Author Tara Moss recently put out a challenge for her writing colleagues and acquaintances to send her jpeg images of their writing spaces, for a series of "I've shown you mine, now you show me yours" blog posts at The Book Post.
My writing desk is waaaaay more famous than I am (yet).
I was fortunate enough to be presented with a unique piece of Australian television history to use as my writing space: the specially-commissioned partnership desk made for Don Cash and Bill Harmon, co-producers of the cult Australian TV soap opera of the 1970s, "Number 96".
The desk is a custom-made Ron Barassi (of North Sydney) design, in rosewood with pine trim, and comes complete with two black leather swivel typing chairs (more suited to big, old typewriters than modern laptop computers - I have to use a more ergonomic chair when writing). The desk divider is a set of built-in drawers with filing cabinet - and is complemented by two rectangular, wooden waste bins. Both the Bill Harmon side of the desk and one of the bins show evidence of many a stubbed-out cigarette, another relic of Australian 70s showbiz. I'm told that the infamous Abigail often perched herself on the corner of the desk to chat to Bill Harmon, which was a tricky manoeuvre because the desktop has no legs and is thus intricately balanced across the divider cabinet.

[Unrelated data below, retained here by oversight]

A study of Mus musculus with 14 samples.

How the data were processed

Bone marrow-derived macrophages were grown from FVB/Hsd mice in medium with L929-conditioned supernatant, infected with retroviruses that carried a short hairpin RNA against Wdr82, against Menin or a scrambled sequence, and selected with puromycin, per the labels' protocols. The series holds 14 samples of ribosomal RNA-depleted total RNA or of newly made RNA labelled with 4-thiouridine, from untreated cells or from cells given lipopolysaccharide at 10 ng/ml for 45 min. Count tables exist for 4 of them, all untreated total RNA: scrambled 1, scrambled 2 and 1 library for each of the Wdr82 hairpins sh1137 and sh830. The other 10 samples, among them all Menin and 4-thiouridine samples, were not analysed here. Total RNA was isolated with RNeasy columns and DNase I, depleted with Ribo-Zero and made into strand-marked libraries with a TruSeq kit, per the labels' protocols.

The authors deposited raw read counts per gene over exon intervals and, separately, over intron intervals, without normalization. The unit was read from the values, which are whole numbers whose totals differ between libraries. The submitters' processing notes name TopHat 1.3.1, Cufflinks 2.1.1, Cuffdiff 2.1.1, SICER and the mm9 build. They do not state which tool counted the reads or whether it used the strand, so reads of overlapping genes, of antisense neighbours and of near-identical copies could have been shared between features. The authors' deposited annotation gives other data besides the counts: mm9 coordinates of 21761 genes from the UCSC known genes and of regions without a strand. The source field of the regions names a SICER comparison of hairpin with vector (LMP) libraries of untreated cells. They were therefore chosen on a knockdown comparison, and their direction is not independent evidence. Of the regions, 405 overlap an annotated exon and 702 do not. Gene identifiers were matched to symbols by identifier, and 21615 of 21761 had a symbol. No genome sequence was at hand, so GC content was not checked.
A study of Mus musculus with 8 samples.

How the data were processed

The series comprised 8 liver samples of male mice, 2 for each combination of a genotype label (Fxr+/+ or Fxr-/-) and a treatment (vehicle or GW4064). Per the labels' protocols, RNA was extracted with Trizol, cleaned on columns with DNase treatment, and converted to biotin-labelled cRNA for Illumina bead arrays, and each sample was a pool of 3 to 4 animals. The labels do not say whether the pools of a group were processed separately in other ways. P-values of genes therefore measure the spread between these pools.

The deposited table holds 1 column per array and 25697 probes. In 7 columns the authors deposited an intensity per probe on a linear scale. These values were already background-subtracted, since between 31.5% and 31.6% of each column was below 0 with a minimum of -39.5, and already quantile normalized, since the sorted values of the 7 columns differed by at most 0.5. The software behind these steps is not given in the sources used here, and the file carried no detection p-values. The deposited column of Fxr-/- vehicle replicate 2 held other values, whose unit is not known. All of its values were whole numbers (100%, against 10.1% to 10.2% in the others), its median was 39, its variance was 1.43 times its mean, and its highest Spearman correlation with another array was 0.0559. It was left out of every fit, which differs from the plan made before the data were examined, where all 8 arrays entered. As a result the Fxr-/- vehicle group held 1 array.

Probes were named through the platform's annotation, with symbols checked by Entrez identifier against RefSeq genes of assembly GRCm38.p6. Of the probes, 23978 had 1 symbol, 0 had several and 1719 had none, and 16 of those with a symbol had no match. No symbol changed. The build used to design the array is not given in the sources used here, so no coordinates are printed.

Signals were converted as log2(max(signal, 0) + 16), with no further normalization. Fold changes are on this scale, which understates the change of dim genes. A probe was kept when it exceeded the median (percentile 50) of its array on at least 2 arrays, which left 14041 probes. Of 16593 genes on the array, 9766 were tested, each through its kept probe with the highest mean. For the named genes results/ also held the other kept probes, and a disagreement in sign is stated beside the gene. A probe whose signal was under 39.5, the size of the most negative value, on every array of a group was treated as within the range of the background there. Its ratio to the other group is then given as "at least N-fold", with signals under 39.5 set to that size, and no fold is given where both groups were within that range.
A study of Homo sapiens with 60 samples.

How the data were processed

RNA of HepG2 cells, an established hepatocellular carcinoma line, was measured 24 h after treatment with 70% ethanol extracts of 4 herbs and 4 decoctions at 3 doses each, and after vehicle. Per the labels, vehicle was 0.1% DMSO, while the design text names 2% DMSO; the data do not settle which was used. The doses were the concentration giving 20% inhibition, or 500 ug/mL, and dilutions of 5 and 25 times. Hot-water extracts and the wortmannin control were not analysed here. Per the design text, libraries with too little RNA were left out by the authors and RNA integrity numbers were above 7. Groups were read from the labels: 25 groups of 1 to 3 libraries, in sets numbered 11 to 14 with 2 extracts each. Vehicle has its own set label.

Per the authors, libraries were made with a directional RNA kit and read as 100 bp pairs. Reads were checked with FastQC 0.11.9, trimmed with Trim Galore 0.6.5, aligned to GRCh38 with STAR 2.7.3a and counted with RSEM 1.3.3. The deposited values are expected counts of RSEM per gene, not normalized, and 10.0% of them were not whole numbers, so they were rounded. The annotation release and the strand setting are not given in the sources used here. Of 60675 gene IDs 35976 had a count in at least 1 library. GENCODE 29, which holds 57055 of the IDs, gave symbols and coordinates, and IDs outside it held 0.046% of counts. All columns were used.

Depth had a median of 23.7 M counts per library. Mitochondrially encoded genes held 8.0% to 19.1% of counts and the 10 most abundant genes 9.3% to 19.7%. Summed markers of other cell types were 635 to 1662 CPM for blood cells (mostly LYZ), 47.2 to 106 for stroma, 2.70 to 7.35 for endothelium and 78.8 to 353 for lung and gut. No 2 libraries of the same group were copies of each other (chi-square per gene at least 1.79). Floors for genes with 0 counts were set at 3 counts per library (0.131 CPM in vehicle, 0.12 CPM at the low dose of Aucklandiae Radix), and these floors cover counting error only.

Writer Nancy Cash, widow of Don Cash, used this desk to write her first novel, "Patterns of the Heart", in the 90s. Nancy gave the desk to me in 2006, when she returned to live in the USA, after living in Australia for about 40 years.
I have yet to prove financially that the desk still has some magic in it, but I have a sneaking suspicion that it just might. I certainly have plenty of book outlines in various stages of completion - and two keyboards on the go. So far, though, I also have the dubious honour of being my literary agent's longest-serving client who's never earned her any money.
Hopefully, 2010 is my year.
Bill Harmon, seated at the partnership desk made for Cash Harmon Television for
the production of the cult Australian TV soap opera, "Number 96" (1972-1977).
This photo appeared in Peter Luck's book, "50 Years of Australian TV: An Insider's View, 1956-2006" (New Holland, 2006).